The Norrie Disease Association held its 4th conference 9th-11th August at the Massachusetts Eye and Ear Hospital, Boston 2018.
It was an amazing coming together for around 26 families from the US, Canada, Belgium, UK, Argentina. The community spirit was really strong – some families were meeting for the first time and others were re-uniting but all families made the most of every minute.
Dr Amina Al-Yassin from University College London Great Ormond Street Hospital and Wendy Horrobin, NDF Chair and Coordinator were fortunate enough to attend the conference to meet families and learn about the Norrie Disease Association’s progress in supporting the global Norrie community through developing relationships in the research world and strengthening the Norrie disease network. The conference was also a great opportunity to share news from the UK Norrie community and to explore ways of collaboration between the Norrie Disease Association and the Norrie Disease Foundation.
The conference started with a tour of the fantastic Perkins School for the Blind – a truly inspirational establishment. Families enjoyed hearing about the history of the school and a hands on experience of all the amazing adapted models including a gigantic globe which Helen Keller used and a large model of the Pantheon which you could take the roof off and explore inside feeling all the intricacies of the columns and structure.
Feeling enthused by the tour and uplifted by the amazing ‘can do and will do’ inclusive ethos at the Perkins School families all congregated at a nearby park for food and a braille trail and the icing on the cake – an ice cream van! In the evening families had a wonderful time meeting each other over some delicious food – there was much laughter and excitement all around. Children played together, a spinning chair got lots of attention – from one Dad in particular (!) but this chair actually served a very important purpose of stimulating a blind child’s need to spin and move safely (there was definitely one chair ordered following the evening’s demonstration!).
The Norrie Disease Association did a fantastic job of finding excellent speakers and presentations for the conference – finding the balance between information; techniques in gene therapy, behaviour management; research and hearing aids – all very positive and generating much thought and conversation and recommendations between families.
The first full day of the conference opened with an uplifting speech from John Miller, NDA President who shared their progress and passion to support the global Norrie community followed by an inspirational presentation by the keynote speaker, Michael Forzano, Accessibility Software Engineer at Amazon. The following days’ presentations included Professor David Corey, Bertarelli Professor of Translational Medical Science at Harvard Medical School; Dr Florian Eichler, Director of the Center for Rare Neurological Diseases at Massachusetts General Hospital; Dr Antonio Capone Jr, an internationally recognized clinician, surgeon and educator specializing in retinal issues that present with Norrie disease; Dr Amina Al-Yassin, Clinical Fellow in Genetics at Great Ormond Street Hospital for Children in London who presented findings from the Family History Study conducted in the UK of 22 Norrie families.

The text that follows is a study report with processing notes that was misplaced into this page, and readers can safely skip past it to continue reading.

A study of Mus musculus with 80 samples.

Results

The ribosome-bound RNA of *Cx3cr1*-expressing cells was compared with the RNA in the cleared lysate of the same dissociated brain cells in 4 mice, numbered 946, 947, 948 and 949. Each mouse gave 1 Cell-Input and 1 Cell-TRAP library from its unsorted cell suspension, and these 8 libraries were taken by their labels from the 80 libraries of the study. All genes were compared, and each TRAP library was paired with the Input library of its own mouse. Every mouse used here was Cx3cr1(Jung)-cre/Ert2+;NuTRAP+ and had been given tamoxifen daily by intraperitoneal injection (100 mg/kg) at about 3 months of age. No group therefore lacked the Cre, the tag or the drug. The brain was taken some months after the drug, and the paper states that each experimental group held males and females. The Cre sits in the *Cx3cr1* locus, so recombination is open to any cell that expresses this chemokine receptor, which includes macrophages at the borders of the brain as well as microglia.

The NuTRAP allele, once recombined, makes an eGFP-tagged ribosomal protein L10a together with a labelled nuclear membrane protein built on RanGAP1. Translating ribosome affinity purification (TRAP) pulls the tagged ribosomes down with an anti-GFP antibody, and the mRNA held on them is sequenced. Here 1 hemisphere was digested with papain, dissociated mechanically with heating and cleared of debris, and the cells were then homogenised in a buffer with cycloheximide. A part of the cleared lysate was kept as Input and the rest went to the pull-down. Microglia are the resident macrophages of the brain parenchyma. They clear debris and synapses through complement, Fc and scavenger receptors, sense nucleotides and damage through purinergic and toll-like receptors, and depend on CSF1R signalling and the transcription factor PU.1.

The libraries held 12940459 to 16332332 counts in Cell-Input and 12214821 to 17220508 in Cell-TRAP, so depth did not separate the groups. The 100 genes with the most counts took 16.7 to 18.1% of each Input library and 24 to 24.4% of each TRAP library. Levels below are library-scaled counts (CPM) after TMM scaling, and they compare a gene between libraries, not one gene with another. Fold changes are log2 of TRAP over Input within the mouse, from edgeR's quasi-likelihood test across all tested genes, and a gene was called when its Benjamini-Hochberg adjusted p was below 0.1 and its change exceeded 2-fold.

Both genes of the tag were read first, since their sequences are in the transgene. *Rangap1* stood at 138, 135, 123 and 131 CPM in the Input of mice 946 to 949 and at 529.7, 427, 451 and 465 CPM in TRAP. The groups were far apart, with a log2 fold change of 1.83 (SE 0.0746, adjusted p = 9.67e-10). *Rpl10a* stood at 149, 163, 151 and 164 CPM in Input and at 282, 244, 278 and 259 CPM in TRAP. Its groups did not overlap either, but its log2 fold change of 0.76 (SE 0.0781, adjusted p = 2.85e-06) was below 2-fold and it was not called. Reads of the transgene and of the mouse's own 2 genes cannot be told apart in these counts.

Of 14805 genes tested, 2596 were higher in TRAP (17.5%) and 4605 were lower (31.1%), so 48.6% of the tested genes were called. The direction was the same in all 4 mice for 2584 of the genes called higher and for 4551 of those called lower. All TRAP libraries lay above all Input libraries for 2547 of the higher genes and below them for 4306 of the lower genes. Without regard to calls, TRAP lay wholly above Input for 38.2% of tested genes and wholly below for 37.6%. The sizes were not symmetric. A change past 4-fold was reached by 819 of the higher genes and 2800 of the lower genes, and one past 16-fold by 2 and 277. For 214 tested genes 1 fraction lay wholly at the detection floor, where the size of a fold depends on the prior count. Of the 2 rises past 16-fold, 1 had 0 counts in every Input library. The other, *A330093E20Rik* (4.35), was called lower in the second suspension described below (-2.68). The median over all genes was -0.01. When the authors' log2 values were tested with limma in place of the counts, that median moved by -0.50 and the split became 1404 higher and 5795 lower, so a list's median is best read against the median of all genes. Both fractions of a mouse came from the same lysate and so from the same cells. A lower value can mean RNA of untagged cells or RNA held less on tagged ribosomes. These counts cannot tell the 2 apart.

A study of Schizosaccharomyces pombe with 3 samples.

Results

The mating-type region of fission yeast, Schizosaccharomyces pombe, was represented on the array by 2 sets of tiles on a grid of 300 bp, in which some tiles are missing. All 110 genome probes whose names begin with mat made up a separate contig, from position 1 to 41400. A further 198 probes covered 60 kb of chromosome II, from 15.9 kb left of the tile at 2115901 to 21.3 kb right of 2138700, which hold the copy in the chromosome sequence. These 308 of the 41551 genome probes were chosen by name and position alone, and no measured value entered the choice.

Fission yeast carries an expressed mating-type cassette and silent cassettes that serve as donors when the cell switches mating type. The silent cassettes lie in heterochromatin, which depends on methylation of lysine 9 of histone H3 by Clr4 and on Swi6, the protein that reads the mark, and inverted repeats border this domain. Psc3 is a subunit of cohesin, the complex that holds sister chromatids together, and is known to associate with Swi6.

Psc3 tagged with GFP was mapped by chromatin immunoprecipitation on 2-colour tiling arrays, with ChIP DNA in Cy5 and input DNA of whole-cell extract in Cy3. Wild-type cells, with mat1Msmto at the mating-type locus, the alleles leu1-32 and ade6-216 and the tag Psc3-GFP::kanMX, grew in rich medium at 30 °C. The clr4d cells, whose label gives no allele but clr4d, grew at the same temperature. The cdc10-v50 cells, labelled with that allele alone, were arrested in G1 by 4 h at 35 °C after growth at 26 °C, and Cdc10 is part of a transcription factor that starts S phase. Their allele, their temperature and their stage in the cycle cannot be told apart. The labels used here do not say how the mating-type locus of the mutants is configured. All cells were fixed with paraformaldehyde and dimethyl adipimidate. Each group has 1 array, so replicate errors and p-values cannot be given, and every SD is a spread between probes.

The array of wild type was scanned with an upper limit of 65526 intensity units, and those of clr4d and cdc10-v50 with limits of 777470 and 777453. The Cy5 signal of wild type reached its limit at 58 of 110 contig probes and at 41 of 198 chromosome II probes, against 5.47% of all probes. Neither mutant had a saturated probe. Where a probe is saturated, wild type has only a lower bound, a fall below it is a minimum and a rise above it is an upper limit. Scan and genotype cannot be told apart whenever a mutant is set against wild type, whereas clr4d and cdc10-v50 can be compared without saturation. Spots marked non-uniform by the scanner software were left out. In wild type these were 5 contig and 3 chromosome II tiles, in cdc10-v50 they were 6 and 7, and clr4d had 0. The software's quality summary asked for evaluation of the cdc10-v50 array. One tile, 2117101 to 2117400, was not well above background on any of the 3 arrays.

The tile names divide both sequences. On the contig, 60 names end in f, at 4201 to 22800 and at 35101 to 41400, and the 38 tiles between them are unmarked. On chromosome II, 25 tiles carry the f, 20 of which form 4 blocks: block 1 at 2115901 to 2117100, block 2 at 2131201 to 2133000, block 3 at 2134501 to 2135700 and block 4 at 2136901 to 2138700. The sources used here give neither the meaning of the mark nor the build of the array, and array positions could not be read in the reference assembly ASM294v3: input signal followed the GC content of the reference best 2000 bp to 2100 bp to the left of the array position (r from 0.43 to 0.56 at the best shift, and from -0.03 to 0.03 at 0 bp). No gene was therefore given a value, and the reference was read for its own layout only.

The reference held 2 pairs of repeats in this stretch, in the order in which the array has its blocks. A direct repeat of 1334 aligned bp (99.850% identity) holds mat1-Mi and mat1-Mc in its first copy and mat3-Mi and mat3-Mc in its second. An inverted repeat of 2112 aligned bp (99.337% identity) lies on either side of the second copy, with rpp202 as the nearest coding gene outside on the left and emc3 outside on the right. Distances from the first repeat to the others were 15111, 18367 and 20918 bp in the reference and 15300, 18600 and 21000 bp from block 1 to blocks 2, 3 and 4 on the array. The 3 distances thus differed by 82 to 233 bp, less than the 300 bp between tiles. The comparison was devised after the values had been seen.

It was uplifting and hugely positive for the Norrie community to see medical professionals coming together to explore ways of moving forwards to benefit the global Norrie community. There were also brilliant presentations by Kurt Jahrling, Board Certified Ocularist; Matt Edwards, analyst in the Early Learning Center and Lowe School Programme at Perkins School for the Blind; Darcy Repucci, a licensed audiologist who recently decided to open her own private practice in Hopkinton, a community that she grew up in and Fernando Albertorio, Co-founder of SUNU, a legally blind technologist, serial entrepreneur and advocate for persons with disabilities. All of these presentations are available on the Norrie Disease Association website.
The three days flew by far too fast but the conference was a huge success. Bringing together Norrie families from around the world to offer support, information, develop and strengthen research connections and build friendships is a precious and life-changing event – well done to the Norrie Disease Association. Looking forward to the next one already!